How I recovered from Ramadan Burnout
Ramadan is a time for prayer, reflection, transformation and a spiritual detox right? So this Ramadan, like every other Ramadan, i sat down with my paper and pen and wrote down everything i was going to achieve, not just in terms of my spirituality but also what i would be doing with my kids to ensure that they were engaged and aware of the importance of the month. All this resulted in Ramadan Burnout.
I started with a lot of gusto, an array of ideas and a mammoth plan. However midway through the month, i began to lose momentum, i failed to meet the unrealistic targets i had set for myself. I burnt out, like totally. One night, I couldn’t even manage small tasks and that made me feel terrible.
My husband had repeatedly told me from his time in hifz class, that they were taught that small and consistent was key and to build your ibadah slowly. Whilst i had managed that outside of Ramadan, i had somehow forgotten this piece of advice during Ramadan.
So after, discussing what i was feeling with my husband, i decided to tackle this head on. After all, i was not about to miss out on all the blessing that came with the last ten days. I refused to fall into despair.
These are the things i did to get back on track:
Renewal of intention
‘The deeds are considered by intentions, and a person will get the reward according to his intention..’ (Sahih Bukhari)
I reminded myself of the true purpose of this month and told myself that what i really wanted was to please my Creator. It wasn’t about how much i could do. It was about the quality of my ibadah.
I stopped putting so much pressure on myself
I looked at my list and streamlined it to fit in with my life reminding myself that taking care of a family is also ibadah.
All those craft activities on Pinterest look great and last year i managed to do one a day with my children, but this year i have only managed to do a few activities as i was also working. I reminded myself that, that was ok and my kids were enjoying the month anyway.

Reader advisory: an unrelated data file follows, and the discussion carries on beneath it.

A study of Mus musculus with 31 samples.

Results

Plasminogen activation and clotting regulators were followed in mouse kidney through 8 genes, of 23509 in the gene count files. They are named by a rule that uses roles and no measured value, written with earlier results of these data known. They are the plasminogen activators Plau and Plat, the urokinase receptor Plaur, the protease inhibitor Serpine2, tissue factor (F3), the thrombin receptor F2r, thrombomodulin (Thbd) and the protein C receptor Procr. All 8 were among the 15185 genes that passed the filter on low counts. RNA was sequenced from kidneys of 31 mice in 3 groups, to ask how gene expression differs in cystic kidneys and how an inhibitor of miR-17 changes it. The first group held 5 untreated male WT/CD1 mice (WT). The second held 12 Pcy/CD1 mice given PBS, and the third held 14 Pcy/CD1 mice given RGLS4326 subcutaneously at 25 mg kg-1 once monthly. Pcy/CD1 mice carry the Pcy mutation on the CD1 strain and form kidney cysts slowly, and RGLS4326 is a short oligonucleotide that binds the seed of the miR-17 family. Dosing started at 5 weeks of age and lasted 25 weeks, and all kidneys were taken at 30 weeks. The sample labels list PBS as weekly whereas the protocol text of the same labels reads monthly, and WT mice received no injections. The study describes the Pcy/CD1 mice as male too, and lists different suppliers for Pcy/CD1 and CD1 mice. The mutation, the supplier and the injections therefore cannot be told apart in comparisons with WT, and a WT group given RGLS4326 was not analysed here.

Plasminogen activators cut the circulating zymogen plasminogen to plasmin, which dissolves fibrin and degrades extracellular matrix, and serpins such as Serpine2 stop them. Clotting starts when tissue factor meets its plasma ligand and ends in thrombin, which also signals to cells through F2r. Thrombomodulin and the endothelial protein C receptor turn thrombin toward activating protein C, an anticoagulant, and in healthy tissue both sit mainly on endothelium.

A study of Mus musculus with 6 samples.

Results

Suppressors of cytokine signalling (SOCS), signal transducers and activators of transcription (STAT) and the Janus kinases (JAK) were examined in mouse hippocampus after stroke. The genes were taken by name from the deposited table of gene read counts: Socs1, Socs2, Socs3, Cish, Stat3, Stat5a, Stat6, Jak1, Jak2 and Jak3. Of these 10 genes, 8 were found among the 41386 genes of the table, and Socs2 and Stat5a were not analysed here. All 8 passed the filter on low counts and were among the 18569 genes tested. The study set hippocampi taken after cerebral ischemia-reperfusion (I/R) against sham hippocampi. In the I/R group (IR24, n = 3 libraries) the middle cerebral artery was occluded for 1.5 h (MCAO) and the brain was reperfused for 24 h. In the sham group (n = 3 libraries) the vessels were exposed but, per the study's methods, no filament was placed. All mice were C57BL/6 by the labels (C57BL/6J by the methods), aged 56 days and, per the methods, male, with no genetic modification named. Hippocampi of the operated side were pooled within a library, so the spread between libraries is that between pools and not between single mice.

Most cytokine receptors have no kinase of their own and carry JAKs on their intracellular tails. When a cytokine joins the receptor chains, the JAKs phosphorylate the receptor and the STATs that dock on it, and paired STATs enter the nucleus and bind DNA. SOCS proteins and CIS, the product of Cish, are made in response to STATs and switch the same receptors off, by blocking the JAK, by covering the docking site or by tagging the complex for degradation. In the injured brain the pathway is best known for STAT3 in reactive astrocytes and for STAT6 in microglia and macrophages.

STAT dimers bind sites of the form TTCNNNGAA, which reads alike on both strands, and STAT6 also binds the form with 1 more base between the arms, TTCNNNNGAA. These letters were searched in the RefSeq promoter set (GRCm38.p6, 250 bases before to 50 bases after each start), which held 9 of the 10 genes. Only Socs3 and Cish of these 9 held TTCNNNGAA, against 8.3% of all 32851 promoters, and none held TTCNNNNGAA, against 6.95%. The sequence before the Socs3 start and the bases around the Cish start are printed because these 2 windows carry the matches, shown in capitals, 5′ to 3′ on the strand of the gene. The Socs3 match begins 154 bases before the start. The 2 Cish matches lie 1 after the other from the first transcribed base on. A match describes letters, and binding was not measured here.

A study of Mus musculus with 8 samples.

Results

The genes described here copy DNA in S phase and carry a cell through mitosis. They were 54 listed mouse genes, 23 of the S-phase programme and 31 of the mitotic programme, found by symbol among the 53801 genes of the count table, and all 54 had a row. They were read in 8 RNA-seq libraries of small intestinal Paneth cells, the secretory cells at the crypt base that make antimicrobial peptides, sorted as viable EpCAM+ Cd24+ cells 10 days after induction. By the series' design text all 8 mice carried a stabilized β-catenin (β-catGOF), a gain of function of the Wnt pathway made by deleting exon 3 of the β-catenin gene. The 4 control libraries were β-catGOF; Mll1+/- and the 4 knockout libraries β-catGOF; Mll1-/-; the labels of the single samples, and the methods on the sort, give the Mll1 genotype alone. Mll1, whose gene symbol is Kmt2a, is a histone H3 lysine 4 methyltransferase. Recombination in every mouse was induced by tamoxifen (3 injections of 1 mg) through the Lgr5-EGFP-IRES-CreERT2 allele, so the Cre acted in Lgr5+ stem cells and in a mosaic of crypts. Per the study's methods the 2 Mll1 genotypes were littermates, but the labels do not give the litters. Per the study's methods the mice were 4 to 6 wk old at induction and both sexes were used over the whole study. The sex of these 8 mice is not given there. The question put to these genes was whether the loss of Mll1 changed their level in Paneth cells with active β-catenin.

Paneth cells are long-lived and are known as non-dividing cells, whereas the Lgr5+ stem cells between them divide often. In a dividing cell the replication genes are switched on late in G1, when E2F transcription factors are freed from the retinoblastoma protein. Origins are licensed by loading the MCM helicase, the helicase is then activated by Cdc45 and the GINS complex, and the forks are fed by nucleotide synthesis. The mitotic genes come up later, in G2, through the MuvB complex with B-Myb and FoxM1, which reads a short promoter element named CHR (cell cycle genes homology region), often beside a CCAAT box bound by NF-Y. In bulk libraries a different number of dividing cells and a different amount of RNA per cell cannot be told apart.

I also stopped pressuring myself to blog three times a week. It just wasn’t happening and not for want of trying. I figured that i could put my foot back on that accelerator when Ramadan was over.
I streamlined my to do list
I removed anything from my list that wasn’t essential to do right away and asked for help with the rest of it! Woohoo for help!
I took away the distractions. That included anything that was wasting my time and taking me away from my aim for the month. I thought of it the same way in which I think of my companions. The influence a companion can have on a person is probably similar to the influence of distractions like following random people on Social Media who may not have a similar outlook as yourself.
My husband reminded me to focus on dhikr which doesn’t take much time but holds so much benefit. Some of these include:
- Istigfar – Repeating Astagfirullah throughout the day as well as asking for forgiveness. ‘If anyone constantly seeks pardon (from Allah), Allah will appoint for him a way out of every distress and a relief from every anxiety, and will provide sustenance for him from where he expects not.’ (Abu Dawud).
‘Aishah (May Allah be pleased with her) reported:I asked: “O Messenger of Allah! If I realize Lailat-ul-Qadr (Night of Decree), what should I supplicate in it?” He (ﷺ) replied, “You should supplicate: Allahumma innaka ‘afuwwun, tuhibbul-‘afwa, fa’fu ‘anni (O Allah, You are Most Forgiving, and You love forgiveness; so forgive me).”
- Whoever says “SubhanAllah wa bihamdihi” a hundred times during the day, his sins are wiped away, even if they are like the foam of the sea. (Sahih al-Bukhari; Sahih Muslim)
- Subhan Allahi wa bihamdihi, Subhan Allahil Azim – Abu Hurairah (May Allah be pleased with him) reported: The Messenger of Allah (Peace Be Upon him) said, ‘There are two statements that are light for the tongue to remember, heavy in the Scales and are dear to the Merciful: `Subhan-Allahi wa bihamdihi, Subhan-Allahil-Azim [Glory be to Allah and His is the praise, (and) Allah, the Greatest is free from imperfection)’. (Al-Bukhari and Muslim)
- Surah Ikhlas (x3)- Abu Sa’eed al-Khudri (may Allaah be pleased with him) said: “The Prophet (peace and be upon him) said to his Companions: ‘Could any one of you not recite one third of the Qur’aan in one night?’ They found the idea too difficult, and said, ‘Who among us could do that, O Messenger of Allaah?’ He said, Soorat al-Ikhlaas] is one third of the Qur’aan.’” (Al-Bukhari)
I poured my heart out to my Creator
I let it all out. I said everything that i needed to say to my Lord and asked Allah for help to keep me focussed, steadfast and keep me migrating towards him.
I shared messages
I shared messages that i thought would benefit both myself and my family/friends and checked and rechecked my intention whilst doing so. Social media may have its drawbacks, but the best thing about it is that we are able to share messages that benefit people with a click of a button.
‘The Prophet (ﷺ) said, “Convey from me even an Ayah of the Qur’an.’ (Al Bukhari).
I listened to lectures
When i was drained, I lay down and listened to lectures that were uplifting, motivating and encouraging.